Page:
China and UN in graphics: A contributor to world peace
China on Friday released a white paper on the participation of the country's armed forces in the United Nations (UN) peacekeeping operations.
Thirty years ago in 1990, China joined the first mission by sending five military observers to the Middle East. Over the past 30 years, some 40,000 Chinese peacekeepers have been dispatched to conflict-affected countries and areas in 25 UN peace operations.
"China's Blue Helmets have become a key force in UN peacekeeping," said the document.
Currently, China has over 2,500 peacekeepers serving in UN peacekeeping missions, making it the largest troop-contributing country among the permanent members of the UN Security Council.
As the world's largest developing country, China also pays 15 percent of the UN peacekeeping budget and 12 percent of the UN regular budget, making it the second largest contributor of all member states.
Assessments for member countries' contributions are made based on several criteria, including estimates of gross national income. China has been fully implementing its fiscal obligations to the organization and already paid this year's contribution in full.
The United States bears the largest share of both regular and peacekeeping budgets of the United Nations – but has long been delaying payment, with the membership fees overdue accounting for more than two thirds of the total arrears.
At the UN Peacekeeping Summit in 2015, Chinese President Xi Jinping made a series of proposals and commitments to support the UN peacekeeping operations. The Chinese government and armed forces have taken concrete steps to honor the promises.
In 2017, China completed the registration of a UN peacekeeping standby force of 8,000 troops with 28 units in ten categories. It has become the country with the largest number of standby peacekeeping troops of the most diversified profile.
China also set up a permanent peacekeeping police squad in 2016, the first of its kind in the world.
Over the past five years, China responded actively to the UN call for more enabler assets including engineering and medical capabilities, and has provided 20 training programs to over 1,500 peacekeepers from more than 60 countries.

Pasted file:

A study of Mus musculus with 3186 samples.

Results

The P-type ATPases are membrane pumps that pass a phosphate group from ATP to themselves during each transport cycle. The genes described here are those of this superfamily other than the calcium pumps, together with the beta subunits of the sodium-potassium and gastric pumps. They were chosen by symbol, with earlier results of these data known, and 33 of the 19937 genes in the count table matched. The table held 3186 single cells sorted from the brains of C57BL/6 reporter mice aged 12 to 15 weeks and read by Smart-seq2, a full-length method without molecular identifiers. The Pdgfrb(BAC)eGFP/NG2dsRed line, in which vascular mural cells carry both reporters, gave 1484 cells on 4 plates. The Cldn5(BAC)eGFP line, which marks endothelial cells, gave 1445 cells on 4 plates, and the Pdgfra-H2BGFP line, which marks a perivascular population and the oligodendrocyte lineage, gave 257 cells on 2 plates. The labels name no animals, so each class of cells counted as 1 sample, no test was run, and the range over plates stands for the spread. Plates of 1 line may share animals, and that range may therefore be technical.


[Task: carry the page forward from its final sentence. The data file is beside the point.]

The China-UN Peace and Development Fund has provided a total of 67.7 million U.S. dollars for over 80 projects in areas ranging from peacekeeping to counter-terrorism as well as health and education, according to China's position paper on UN's 75th anniversary.
Defensive in nature
While actively supporting the world's peacekeeping cause, China has pursued a defense policy that is defensive in nature.
"Never seeking hegemony, expansion, or spheres of influence" is the distinctive feature of China's national defense, said a white paper titled "China's National Defense in the New Era" released last year by the Chinese government.
While the national defense spending in many world powers accounts for more than two percent of their GDP, the figure was only about 1.3 percent for China in 2018.
The ratio has remained below two percent for the past three decades. The defense expenditure as a share of government spending is also on a clear downward trend.
Compared with other major countries, China's defense budget takes up a fairly small share of its GDP and national fiscal expenditure. Its per capita and per-service person defense spending are at a relatively low level as well.
As the only major country yet to be completely reunified, and one of the countries with the most complex peripheral security environment, there is still "a wide gap between China's defense expenditure and the requirements for safeguarding national sovereignty, security and development interests, for fulfilling China's international responsibilities and obligations as a major country, and for China's development," according to last year's white paper.
China's defense expenditure will maintain a moderate and steady growth that is in step with national economic development, it pointed out.
In addition, China has been widely recognized and praised for long maintaining its commitment to global nuclear nonproliferation and disarmament efforts.
China will unswervingly follow the path of peaceful development, safeguard world peace and promote common development, President Xi said in his 2020 New Year message.